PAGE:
As if you needed another problem. Or diagnosis. But for every obscenely piggish ceo pay package, there’s legions of underearners crawling all over Corporate America.
Believe their jobs won’t give them more money.
Get praised for excellent work but rarely get the requisite monetary recogtion.
Have an unsteady work rhythm. They may work too hard and not take care of themselves, work in cycles of excess and collapse, or don’t want to work at all.
Frequently think there is spiritual or political virtue in not having money. They find virtue in struggle and are often proud of their ability to make do with little. They may believe that people only get wealthy by exploiting others or giving up on their own commitment to creativity and integrity.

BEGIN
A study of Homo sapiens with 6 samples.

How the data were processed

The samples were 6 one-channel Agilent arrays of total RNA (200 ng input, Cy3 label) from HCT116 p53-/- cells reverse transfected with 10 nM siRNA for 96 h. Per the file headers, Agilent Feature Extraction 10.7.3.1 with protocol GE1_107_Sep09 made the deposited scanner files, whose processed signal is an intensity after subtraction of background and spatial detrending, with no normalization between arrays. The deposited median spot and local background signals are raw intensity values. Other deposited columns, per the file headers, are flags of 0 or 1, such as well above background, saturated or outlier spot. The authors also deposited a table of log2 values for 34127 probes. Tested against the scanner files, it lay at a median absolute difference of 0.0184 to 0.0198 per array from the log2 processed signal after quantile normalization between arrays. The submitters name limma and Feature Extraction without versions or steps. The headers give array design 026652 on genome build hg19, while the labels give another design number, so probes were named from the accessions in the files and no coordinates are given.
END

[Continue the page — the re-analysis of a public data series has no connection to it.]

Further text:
Know that things must change, but feel personally powerless to create the change. Secretly feel that eventually something will happen to make things better (the sale of a house, winning a lawsuit, finding a benefactor, winning the lottery, etc.).
Tend to over-commit and fill free time with endless little tasks and chores as well as things they feel they should or must do for others.
Are usually terrified of financial risk such as investing, finding a better job, or spending money on their own financial intelligence. At the same time they react to built-up financial stress by taking poorly thought out financial risks (“get rich quick” schemes).
Believe more money would cure all of their problems. Believe if they just made more money they would be free to never think about money again.
Are uncomfortable asking for money. May find themselves asking for less than they know they deserve or feeling embarrassed when they must remind someone to pay them for work they have already done.